16 February 2013

Exploring the National Theatre

I am pleased to say that Prince Charles and I disagree over lots of things, especially architecture. He created Poundbury which I find amusingly bad, it fits in with its area just like Disneyland Paris does, and he despises the National Theatre which I love.

I was back there recently to see a play, oddly enough, and arrived in good time to have a good rummage beforehand.

The reason that concrete was adopted widely and quickly is that it allowed architects to create interesting shapes and spaces that were beyond the constraints of traditional materials. I accept that all too often these freedoms were used to create dull tower blocks (not that all tower blocks are dull, far from it) so it is nice to be able to explore the National Theatre where the potential of concrete has been realised.

There are many things to like about to NT and I'll start with the way that it exploits it's location.

The frontage on to the river is a hierarchy of long windows with walkways in front so you can see and enjoy the river from inside the building and, when the English weather allows, you can enjoy the fresh air too.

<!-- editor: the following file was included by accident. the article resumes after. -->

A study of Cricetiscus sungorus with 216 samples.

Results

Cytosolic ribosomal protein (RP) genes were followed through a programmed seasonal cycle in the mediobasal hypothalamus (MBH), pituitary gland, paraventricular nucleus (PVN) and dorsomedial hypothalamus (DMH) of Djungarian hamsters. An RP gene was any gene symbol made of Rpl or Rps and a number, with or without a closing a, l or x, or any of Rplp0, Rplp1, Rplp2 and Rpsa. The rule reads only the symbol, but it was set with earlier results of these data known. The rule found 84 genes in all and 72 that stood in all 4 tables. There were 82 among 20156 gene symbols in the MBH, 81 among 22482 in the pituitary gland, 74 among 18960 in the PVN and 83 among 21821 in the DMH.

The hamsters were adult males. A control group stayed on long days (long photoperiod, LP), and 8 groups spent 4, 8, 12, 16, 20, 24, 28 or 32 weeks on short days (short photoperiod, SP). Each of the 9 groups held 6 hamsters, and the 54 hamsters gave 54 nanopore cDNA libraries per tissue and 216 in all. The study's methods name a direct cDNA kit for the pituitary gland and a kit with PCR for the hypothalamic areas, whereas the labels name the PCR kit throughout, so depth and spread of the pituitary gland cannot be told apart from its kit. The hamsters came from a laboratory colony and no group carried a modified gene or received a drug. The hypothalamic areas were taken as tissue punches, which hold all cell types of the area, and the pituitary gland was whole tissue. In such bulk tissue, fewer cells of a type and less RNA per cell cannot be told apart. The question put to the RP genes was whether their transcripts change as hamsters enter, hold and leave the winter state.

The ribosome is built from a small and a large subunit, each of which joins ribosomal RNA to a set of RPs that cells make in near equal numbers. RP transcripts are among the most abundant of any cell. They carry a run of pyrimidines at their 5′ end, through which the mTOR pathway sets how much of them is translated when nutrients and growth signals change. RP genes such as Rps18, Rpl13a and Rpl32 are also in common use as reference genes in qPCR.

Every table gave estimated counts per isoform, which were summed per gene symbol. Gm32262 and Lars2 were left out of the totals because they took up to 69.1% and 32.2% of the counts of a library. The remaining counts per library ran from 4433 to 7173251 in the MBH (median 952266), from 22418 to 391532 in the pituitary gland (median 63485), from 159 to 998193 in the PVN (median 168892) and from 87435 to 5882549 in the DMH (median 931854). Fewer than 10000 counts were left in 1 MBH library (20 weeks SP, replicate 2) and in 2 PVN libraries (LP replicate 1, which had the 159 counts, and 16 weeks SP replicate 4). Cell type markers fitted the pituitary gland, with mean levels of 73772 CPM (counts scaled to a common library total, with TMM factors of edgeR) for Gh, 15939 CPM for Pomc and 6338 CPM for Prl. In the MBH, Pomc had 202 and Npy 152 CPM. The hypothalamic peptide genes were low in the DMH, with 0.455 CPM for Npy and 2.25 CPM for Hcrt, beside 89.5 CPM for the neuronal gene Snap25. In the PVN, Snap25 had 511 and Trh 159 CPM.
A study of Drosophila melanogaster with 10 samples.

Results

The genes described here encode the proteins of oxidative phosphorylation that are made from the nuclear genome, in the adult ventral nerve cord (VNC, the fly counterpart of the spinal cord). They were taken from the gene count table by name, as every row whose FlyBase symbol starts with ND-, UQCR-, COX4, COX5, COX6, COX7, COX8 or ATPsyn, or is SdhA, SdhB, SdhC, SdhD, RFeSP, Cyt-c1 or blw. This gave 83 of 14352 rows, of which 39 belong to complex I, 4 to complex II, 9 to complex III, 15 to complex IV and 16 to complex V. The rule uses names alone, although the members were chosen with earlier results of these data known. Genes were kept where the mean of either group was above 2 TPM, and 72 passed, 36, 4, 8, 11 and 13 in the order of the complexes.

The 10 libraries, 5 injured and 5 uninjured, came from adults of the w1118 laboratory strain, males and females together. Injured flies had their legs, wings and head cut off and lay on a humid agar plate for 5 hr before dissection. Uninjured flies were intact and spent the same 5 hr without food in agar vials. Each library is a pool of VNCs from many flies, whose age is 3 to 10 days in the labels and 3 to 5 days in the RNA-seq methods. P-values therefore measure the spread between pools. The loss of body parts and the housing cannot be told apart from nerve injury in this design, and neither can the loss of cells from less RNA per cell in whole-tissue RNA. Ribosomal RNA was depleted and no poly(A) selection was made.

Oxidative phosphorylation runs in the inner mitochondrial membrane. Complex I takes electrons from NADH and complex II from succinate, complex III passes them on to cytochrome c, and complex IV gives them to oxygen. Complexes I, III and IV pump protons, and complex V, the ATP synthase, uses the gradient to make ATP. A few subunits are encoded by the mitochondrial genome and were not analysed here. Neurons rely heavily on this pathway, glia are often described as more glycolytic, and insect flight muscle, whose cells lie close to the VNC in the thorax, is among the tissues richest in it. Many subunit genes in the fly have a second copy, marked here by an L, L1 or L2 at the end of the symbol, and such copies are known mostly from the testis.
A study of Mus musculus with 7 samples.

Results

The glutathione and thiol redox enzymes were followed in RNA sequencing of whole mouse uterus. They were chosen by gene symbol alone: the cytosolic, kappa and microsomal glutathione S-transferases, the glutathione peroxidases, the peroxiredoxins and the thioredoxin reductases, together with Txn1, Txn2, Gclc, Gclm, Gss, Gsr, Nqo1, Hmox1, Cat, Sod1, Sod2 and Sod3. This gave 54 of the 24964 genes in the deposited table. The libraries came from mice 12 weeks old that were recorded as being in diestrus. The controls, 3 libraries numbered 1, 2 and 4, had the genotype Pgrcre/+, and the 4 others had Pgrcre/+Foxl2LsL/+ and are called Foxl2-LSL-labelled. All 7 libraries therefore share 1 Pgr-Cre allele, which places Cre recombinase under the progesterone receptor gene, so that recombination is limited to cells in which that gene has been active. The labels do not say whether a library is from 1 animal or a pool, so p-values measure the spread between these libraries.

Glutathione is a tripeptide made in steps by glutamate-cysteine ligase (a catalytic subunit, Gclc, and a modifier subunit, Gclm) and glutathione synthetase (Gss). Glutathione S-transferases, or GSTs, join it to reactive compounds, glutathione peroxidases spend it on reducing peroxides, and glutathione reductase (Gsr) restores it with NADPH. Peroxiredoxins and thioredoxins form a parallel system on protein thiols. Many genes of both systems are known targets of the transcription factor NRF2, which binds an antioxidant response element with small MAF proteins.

The second great thing about the NT, inside and out, is that there are walkways, corridors and staircases everywhere and that makes the building very explorable, if somewhat confusing at times. Besides, confusing is a good thing because I like getting lost.

There are doors to the outside in several places on every level and these take you to new interesting spaces. Edging outside by the Olivier Theatre, and several levels up, I emerged in to an unexpected large space with plants and seats. From here the beauty of the NT is undeniable.

Moving around one of the many corners took me to a realm where the concrete clearly rules.

Here function rules and each block has its own secret purpose.

This is about as far away as you can get from the carpeted comfort of the inside and different paradigms are brought in to play. We are now in Gormenghast where long forgotten corridors lead to long forgotten rooms where long forgotten people used to live.

This place is just a few meters from the busy river and the bustling Waterloo Bridge yet it looks as though as nobody every comes here. Perhaps they don't.

Heading back toward the main block brought me to the business end of the theatre. Behind the windows on the right costumes are designed, cut, repaired, washed and ironed. But all is quiet on a Saturday afternoon and the quietness gives the impression that this is an abandoned city.

The National Theatre is an astonishing building that wears its age very well, possibly because it was built towards the end of the post-modernist period and after brutalism, and it is a real joy to explore its complicated and expansive spaces inside and out.